Acute limb ischaemia (ALI) occurs when there is a sudden lack of blood flow to a limb.
Acute limb ischaemia is caused by embolism or thrombosis, or rarely by dissection or trauma. Thrombosis is usually caused by peripheral vascular disease (atherosclerotic disease that leads to blood vessel blockage), while an embolism is usually of cardiac origin. In the United States, ALI is estimated to occur in 14 out of every 100,000 people per year. With proper surgical care, acute limb ischaemia is a highly treatable condition; however, delayed treatment (beyond 6 to 12 hours) can result in permanent disability, amputation, and/or death.
In contrast to acute limb ischemia, chronic limb threatening ischemia results from peripheral artery disease that develops over time. While limbs in both acute and chronic limb ischemia may be pulseless, a chronically ischemic limb is typically warm and pink due to a well-developed collateral artery network and does not need emergency intervention to avoid limb loss.
The New Latin term ischaemia as written, is a British version of the word ischemia, and stems from the Greek terms ischein ‘to hold’; and haima ‘blood’. In this sense, ischaemia refers to the inhibition of blood flow to/through the limb.
Acute limb ischaemia can occur in patients through all age groups. Patients that smoke and have diabetes mellitus are at a higher risk of developing acute limb ischaemia. Most cases involve people with atherosclerosis problems.
Symptoms of acute limb ischaemia include:
These symptoms are called “the six P’s'”; they are commonly mis-attributed to compartment syndrome. One more symptom would be the development of gangrene. Immediate medical attention should be sought with any of the symptoms.
In late stages, paresthesia is replaced by anesthesia due to death of nerve cells.
In some cases, gangrene can occur within six hours of ischaemia.
When a limb is ischemic in the non-acute (chronic) setting, the condition is alternatively called peripheral artery disease or critical limb ischemia, rather than ALI. In addition to limb ischemia, other organs can become ischemic, causing:
In order to treat acute limb ischaemia there are a series of things that can be done to determine where the occlusion is located, the severity, and what the cause was. To find out where the occlusion is located one of the things that can be done is simply a pulse examination to see where the heart rate can be detected and where it stops being sensed. Also there is a lower body temperature below the occlusion as well as paleness. A Doppler evaluation is used to show the extent and severity of the ischaemia by showing flow in smaller arteries. Other diagnostical tools are duplex ultrasonography, computed tomography angiography (CTA), and magnetic resonance angiography (MRA). The CTA and MRA are used most often because the duplex ultrasonography although non-invasive is not precise in planning revascularization. CTA uses radiation and may not pick up on vessels for revascularization that are distal to the occlusion, but it is much quicker than MRA. In treating acute limb ischaemia time is everything.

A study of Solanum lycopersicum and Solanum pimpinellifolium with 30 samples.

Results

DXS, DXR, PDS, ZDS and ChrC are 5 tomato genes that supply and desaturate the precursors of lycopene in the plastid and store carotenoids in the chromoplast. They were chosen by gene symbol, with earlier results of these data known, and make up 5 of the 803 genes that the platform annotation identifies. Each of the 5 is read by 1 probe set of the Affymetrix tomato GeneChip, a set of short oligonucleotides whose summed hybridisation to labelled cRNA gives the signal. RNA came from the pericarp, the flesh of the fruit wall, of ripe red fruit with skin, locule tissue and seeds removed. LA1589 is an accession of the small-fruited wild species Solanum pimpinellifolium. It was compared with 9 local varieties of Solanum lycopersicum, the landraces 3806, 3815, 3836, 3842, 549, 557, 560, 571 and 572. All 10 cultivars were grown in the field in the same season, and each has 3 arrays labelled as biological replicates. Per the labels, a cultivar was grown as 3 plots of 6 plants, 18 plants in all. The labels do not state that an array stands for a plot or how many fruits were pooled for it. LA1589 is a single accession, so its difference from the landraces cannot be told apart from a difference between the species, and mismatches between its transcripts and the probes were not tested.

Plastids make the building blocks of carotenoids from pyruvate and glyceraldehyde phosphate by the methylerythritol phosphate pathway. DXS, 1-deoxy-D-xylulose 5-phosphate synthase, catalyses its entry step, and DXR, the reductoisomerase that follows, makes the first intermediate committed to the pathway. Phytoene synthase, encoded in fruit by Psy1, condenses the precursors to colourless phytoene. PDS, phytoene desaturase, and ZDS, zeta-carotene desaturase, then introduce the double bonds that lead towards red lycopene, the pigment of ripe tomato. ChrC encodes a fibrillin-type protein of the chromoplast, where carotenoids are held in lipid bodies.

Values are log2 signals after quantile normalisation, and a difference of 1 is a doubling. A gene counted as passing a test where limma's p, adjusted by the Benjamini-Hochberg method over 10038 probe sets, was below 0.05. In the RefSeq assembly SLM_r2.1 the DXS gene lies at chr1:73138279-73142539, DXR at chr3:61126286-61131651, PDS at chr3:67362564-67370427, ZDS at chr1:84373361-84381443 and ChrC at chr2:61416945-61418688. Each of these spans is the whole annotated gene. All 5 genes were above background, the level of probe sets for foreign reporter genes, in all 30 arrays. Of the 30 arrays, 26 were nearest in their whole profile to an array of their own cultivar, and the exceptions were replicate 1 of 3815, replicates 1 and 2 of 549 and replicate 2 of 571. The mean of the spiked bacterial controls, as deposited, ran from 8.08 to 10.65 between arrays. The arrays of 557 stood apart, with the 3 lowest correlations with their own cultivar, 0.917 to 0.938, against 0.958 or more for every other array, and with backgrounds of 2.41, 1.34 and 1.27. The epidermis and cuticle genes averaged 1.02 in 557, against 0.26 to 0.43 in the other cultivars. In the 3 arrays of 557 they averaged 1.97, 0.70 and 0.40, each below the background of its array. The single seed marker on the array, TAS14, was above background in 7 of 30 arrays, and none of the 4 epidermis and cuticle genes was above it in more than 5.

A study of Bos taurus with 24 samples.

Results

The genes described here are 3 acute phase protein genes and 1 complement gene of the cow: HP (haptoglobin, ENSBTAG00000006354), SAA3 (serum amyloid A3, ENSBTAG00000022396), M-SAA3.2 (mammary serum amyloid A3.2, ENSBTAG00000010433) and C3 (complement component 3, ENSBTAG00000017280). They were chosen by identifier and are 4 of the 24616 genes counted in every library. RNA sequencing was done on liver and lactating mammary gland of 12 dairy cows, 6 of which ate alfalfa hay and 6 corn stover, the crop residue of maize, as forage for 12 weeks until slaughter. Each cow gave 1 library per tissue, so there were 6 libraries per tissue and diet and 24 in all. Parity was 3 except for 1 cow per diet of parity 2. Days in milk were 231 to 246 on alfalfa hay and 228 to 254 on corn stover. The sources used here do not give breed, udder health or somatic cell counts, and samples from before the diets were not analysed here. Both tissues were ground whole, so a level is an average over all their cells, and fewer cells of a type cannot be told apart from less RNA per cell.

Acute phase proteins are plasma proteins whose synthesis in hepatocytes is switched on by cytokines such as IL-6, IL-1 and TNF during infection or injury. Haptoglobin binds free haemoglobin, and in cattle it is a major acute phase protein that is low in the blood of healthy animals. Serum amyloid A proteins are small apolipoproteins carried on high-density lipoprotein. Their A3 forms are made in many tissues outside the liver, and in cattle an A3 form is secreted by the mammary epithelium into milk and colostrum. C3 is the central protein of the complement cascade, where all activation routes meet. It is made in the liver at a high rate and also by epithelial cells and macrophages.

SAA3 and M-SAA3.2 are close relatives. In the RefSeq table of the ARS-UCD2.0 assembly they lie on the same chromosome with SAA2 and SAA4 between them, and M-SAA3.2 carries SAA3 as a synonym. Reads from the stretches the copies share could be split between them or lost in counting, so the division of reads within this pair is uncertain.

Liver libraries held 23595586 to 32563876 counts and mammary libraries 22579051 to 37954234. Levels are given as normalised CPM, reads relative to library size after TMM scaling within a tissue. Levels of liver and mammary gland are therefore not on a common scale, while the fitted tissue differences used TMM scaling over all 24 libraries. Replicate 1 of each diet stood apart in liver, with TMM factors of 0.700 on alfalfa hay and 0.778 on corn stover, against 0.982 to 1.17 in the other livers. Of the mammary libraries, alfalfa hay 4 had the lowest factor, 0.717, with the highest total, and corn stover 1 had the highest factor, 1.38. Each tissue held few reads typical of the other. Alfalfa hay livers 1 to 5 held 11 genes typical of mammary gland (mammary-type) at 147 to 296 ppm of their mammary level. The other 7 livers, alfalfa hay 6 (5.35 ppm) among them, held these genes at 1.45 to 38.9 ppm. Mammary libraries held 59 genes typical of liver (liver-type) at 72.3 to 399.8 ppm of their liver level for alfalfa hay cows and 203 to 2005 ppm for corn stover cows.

In the worst cases acute limb ischaemia progresses to critical limb ischaemia, and results in death or limb loss. Early detection and steps towards fixing the problem with limb-sparing techniques can salvage the limb. Compartment syndrome can occur because of acute limb ischaemia because of the biotoxins that accumulate distal to the occlusion resulting in edema.
The primary intervention in acute limb ischaemia is emergency embolectomy using a Fogarty Catheter, providing the limb is still viable within the 4-6h timeframe. Other options include a vascular bypass to route blood flow around the clot.
Those unsuitable for surgery may receive thrombolytics. In the past, streptokinase was the main thrombolytic chemical. More recently, drugs such as tissue plasminogen activator, urokinase, and anisterplase have been used in its place. Mechanical methods of injecting the thrombolytic compounds have improved with the introduction of pulsed spray catheters—which allow for a greater opportunity for patients to avoid surgery. Pharmacological thrombolysis requires a catheter to be inserted into the affected area, attached to the catheter is often a wire with holes to allow for a wider dispersal area of the thrombolytic agent. These agents lyse the ischemia-causing thrombus quickly and effectively. However, the efficacy of thrombolytic treatment is limited by hemorrhagic complications. Plasma fibrinogen level has been proposed as a predictor of these hemorrhagic complications. However, based on a systemtic review of the available literature until January 2016, the predictive value of plasma is unproven.
Another type of thrombolysis disrupts the clot mechanically using either saline jets or, more recently, ultrasound waves. Saline jets dislodge the clot using the Bernoulli effect. Ultrasound waves, emitted at low frequency, create a physical fragmentation of the thrombus.
The best course of treatment varies from case to case. The physician must take into account the details in the case before deciding on the appropriate treatment. No treatment is effective for every patient.
Treatment depends on many factors, including:
The major cause of acute limb ischaemia is arterial embolism (80%), while arterial thrombosis is responsible for 20% of cases. In rare instances, arterial aneurysm of the popliteal artery has been found to create a thrombosis or embolism resulting in ischaemia.